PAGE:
A guide for properly emailing university professors

Students complain professors never respond to emails professionally. However, they are your professor, and they really can answer however they choose.

professor email illustration
Samantha Ford/THE REVIEW
The Review is here with a guide to not sounding silly in emails to professors.

Managing Mosaic Editor

A new college semester has started, and so have all the questions students may have about correct etiquette when it comes to emailing a professor.

First-year students, this is new to you, but there are also still some upper-division students who struggle with the concept of professionality when it comes to a school setting. Many students complain the professors never respond with the same amount of professionalism. However, they are your professor, and they really can answer however they choose.

To help with these questions, we’ve created an essential guide, with a list of do’s and dont’s for addressing your professors.

– Address the email properly. “Dear Professor _____” is a good way to do it, but it’s also okay to scrap the “dear” altogether.
– Write something kind at the beginning, like how you’re enjoying their class so far, or are looking forward to one of the assignments they have listed on the syllabus.
– Keep it short and to the point. These are busy people, and they probably don’t have all the time in the world to read an email about how confused you are with every aspect of the syllabus. Mention the main problems, quickly and briefly, and keep it at that.
– Come with solutions, such as meeting for office hours. Bring your ideas and throw them out there.
– Have a straightforward subject line. Sometimes it helps to add which section of the course you’re in, especially if the professor teaches more than one course and/or section.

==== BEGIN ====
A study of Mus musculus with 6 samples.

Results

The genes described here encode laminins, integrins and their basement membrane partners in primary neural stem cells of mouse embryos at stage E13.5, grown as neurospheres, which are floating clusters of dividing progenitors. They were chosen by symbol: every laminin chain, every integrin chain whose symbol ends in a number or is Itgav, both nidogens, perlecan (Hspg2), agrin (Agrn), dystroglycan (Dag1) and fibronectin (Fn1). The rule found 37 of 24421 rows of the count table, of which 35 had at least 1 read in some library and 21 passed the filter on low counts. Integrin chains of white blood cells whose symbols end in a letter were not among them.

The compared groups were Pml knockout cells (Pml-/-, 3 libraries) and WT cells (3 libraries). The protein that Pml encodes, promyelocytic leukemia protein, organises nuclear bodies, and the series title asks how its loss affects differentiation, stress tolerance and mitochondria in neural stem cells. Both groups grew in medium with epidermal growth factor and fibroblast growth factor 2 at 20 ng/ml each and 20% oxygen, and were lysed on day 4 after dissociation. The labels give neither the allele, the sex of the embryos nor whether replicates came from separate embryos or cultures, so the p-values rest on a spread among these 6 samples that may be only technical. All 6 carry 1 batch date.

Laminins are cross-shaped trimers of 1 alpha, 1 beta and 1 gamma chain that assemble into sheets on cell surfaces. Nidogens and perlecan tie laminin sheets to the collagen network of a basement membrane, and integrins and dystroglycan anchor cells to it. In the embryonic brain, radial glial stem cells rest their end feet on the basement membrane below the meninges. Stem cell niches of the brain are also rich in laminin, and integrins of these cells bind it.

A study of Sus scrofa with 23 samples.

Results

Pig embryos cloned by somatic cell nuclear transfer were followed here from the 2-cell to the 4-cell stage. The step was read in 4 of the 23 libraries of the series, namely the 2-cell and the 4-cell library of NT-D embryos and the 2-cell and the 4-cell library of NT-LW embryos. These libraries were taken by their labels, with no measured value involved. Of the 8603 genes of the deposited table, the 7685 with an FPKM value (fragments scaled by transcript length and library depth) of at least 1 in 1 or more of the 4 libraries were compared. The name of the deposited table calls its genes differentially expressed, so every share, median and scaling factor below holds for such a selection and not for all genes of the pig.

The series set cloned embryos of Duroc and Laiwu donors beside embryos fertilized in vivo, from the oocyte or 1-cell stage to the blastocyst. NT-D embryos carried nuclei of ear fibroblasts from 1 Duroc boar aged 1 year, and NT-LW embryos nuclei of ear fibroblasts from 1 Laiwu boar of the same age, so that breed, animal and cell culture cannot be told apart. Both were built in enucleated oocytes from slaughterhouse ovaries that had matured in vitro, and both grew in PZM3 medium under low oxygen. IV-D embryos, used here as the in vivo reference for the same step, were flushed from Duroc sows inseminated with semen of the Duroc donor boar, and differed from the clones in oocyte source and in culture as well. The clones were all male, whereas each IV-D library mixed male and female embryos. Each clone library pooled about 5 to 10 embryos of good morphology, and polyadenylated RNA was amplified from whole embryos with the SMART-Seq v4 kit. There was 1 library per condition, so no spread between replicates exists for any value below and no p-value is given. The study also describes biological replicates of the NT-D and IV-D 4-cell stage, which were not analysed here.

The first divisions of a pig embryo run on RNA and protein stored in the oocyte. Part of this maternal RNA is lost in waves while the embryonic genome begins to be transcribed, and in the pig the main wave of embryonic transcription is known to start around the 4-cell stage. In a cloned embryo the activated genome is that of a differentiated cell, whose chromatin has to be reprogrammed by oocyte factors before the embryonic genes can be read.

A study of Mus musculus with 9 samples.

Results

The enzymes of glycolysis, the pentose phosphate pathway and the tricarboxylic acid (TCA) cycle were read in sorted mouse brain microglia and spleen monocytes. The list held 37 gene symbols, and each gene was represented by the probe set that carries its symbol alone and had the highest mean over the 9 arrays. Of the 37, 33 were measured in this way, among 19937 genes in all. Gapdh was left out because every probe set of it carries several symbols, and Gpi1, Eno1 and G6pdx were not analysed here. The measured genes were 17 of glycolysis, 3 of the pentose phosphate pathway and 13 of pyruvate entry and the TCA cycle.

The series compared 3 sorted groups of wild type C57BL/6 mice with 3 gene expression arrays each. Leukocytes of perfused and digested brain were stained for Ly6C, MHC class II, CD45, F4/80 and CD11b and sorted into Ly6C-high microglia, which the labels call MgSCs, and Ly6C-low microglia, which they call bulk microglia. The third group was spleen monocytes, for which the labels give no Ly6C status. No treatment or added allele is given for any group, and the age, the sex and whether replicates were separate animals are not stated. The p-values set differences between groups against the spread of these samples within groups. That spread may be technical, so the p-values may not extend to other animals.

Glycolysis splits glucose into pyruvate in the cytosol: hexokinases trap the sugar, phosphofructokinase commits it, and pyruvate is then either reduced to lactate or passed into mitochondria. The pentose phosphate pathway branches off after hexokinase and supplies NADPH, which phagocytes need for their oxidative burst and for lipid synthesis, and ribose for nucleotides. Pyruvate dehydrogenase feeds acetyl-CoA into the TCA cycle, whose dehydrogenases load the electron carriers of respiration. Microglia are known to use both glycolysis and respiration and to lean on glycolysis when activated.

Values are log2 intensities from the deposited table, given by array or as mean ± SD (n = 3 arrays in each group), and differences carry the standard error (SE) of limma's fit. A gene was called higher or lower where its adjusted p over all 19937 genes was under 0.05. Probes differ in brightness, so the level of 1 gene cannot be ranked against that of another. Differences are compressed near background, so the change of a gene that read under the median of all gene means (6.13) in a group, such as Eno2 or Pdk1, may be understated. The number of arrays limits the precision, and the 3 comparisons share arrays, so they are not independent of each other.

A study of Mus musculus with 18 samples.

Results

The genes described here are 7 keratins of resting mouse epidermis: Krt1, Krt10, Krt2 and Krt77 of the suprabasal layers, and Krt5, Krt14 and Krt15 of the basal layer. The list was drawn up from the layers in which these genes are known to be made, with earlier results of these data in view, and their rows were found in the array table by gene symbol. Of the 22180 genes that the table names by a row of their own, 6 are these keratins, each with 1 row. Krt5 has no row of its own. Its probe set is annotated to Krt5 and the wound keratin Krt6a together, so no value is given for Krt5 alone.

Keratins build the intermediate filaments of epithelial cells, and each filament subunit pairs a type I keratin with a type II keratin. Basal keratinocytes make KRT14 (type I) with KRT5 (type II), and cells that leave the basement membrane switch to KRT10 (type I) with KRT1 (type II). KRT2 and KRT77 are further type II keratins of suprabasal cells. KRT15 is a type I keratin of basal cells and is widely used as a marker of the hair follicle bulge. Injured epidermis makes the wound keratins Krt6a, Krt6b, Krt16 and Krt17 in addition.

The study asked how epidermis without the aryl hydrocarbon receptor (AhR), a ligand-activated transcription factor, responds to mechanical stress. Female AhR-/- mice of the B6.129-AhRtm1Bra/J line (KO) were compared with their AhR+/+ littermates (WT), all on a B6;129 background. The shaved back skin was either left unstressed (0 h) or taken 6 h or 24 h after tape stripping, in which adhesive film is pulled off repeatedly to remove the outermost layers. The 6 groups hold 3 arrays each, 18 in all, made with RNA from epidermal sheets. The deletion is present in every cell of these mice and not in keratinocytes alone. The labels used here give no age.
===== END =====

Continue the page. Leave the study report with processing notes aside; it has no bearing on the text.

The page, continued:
– Sign off your email with your full name. You can add an automatic signature to all of your emails. We recommend that you input your name, major(s) and minor(s), important organizations you belong to on campus and any current internships you’re holding.

– Write to your professors while under the influence of any alcohol, drugs, prescription painkillers or anything else along those lines. You will regret it in the morning when you go back and read all the mistakes you made, including those slang terms or textspeak.
– Write just one sentence. “Won’t be in class, see ya,” doesn’t show any care or respect for the professor’s work, and it also looks like you are throwing your money down the drain.
– Talk to your professor like a friend. No matter how friendly you are, or how much you guys enjoy the same subject area, they are at a higher level than you.
– Email after 8 p.m.—almost nobody is checking their email at midnight, and if you send one too late, it looks like you were procrastinating and that you don’t care about the class.
– Have an “@udel.edu” email address that is something like “butterflycakes.” This is your professional email, one that you are going to be using to contact people for the next four years of your life. Employers, professors and countless other opportunities are going to judge you significantly if your email is anything other other than a variation of your last name and initials.

These are just the basics, but they’re some of the most important things that people don’t think about when they’re writing an email. You want to create a good appearance of yourself, one without any worry about unprofessionalism coming back to haunt you.

Now get out there, and show your professors who’s professional!